Helleborus orientalis
Common Name: hellebore
Type: Herbaceous perennial
Family: Ranunculaceae
Native Range: Northeastern Greece, northern and northeastern Turkey, Caucasian Russia
Zone: 4 to 9
Height: 1.00 to 1.50 feet
Spread: 1.00 to 1.50 feet
Bloom Time: April
Bloom Description: White to pink to rose-purple with yellow stamens
Sun: Part shade to full shade
Water: Medium
Maintenance: Low
Suggested Use: Naturalize
Flower: Showy
Leaf: Evergreen
Other: Winter Interest
Tolerate: Deer, Heavy Shade, Dry Soil, Shallow-Rocky Soil, Air Pollution

Culture

Best grown in organically rich, humusy, well-drained soils in part shade to full shade. Locate plants in areas protected from cold winter winds. Clumps establish fairly quickly. Although the foliage is evergreen, it may become scorched and tattered in extremely harsh winters, particularly if not sited in locations protected from cold winter winds and/or insulated by snow cover. Cut back flowering stems after bloom to promote new foliage growth. New plants can be obtained from division of the clumps (best in spring) and from seedlings which grow up around the plants as a result of self seeding. A slightly larger and much easier plant to grow than the similar, but earlier blooming, Helleborus niger.

Noteworthy Characteristics

Helleborus orientalis, commonly called Lenten rose, is a clump-forming, late winter-blooming perennial which typically grows 1-1.5' tall. Features large, cup-shaped, rose-like, usually nodding flowers (3-4" diameter) with center crowns of conspicuously contrasting yellow stamens. Flowers usually appear in clusters of 1-4 on thick stems rising above the foliage. Flower color is extremely variable, ranging from white to pink to light rose-purple, frequently with interior spotting. Palmate, serrate, leathery, 8-16" wide, glossy, basal, dark green leaves (7-9 leaflets) are evergreen in warm climates but deciduous in extremely cold winters. In the St. Louis area, plants will remain evergreen in moderate winters, but may become scorched and tattered in extremely cold weather, particularly if not insulated by snow cover. Blooms in late winter (sometimes when snow is still present) and continues into spring, with a long, 8-10 week bloom period. Leaves, stems and roots are poisonous.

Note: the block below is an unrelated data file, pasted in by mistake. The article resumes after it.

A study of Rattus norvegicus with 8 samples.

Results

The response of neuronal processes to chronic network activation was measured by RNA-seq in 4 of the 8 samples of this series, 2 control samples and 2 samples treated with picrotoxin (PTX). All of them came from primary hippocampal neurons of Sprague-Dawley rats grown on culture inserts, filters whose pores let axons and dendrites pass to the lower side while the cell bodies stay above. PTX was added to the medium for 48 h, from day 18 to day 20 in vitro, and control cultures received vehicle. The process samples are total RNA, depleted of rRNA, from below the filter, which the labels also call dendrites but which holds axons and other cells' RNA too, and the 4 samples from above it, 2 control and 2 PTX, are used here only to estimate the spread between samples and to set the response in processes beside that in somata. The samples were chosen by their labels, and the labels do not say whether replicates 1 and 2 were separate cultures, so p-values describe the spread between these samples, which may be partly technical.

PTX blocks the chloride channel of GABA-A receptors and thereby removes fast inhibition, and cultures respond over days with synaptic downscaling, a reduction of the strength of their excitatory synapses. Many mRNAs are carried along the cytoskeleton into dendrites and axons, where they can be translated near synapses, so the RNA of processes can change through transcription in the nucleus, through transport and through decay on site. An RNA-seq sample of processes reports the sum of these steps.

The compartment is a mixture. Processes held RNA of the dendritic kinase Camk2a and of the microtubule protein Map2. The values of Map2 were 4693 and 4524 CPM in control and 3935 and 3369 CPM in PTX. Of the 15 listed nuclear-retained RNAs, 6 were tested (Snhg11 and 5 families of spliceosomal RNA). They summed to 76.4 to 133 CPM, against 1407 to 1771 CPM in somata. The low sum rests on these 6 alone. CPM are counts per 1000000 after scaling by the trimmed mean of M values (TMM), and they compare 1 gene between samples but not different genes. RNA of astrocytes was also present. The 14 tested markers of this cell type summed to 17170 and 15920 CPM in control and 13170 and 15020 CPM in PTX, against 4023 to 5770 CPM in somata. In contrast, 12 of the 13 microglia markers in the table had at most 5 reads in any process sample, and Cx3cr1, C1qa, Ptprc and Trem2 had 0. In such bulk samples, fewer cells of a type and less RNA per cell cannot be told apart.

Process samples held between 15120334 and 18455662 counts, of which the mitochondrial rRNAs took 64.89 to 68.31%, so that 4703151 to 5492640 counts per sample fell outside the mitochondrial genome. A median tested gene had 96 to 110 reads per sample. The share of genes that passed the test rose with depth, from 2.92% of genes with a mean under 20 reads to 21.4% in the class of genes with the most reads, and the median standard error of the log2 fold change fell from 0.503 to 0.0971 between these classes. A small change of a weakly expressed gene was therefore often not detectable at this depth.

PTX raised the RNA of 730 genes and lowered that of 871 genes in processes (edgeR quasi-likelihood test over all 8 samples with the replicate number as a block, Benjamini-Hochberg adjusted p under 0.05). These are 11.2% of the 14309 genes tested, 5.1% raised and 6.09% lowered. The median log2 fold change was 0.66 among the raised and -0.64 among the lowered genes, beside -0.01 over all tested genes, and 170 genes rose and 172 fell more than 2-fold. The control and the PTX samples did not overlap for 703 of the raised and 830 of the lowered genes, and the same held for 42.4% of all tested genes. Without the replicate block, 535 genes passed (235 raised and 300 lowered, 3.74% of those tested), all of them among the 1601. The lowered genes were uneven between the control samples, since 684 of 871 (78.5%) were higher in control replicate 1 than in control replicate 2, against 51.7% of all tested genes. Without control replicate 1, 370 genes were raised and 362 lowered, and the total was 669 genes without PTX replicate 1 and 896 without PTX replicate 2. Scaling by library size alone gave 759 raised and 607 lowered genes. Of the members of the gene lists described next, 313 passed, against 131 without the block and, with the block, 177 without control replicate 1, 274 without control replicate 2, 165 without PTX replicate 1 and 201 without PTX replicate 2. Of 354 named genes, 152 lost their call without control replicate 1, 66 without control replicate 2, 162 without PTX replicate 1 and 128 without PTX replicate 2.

Genus name comes from the Greek words bora meaning food and helein meaning injures/destroys in reference to the plant’s toxic leaves, stems and roots which are poisonous to humans if ingested.

Specific epithet means from the Orient.

Problems

No serious insect or disease problems. Leaf spot and crown rot are occasional problems. A rugged and easy-to-grow plant.

Garden Uses

Clumps of Lenten rose blooming in February or March are true harbingers of spring. Locate plants near a kitchen window, patio or walkway so that the early bloom may be enjoyed to the fullest. Group in shady locations under trees or large shrubs, woodland gardens or border fronts. May also be incorporated into a naturalized area where clumps will slowly spread through self-seeding. May also be massed to form an attractive ground cover.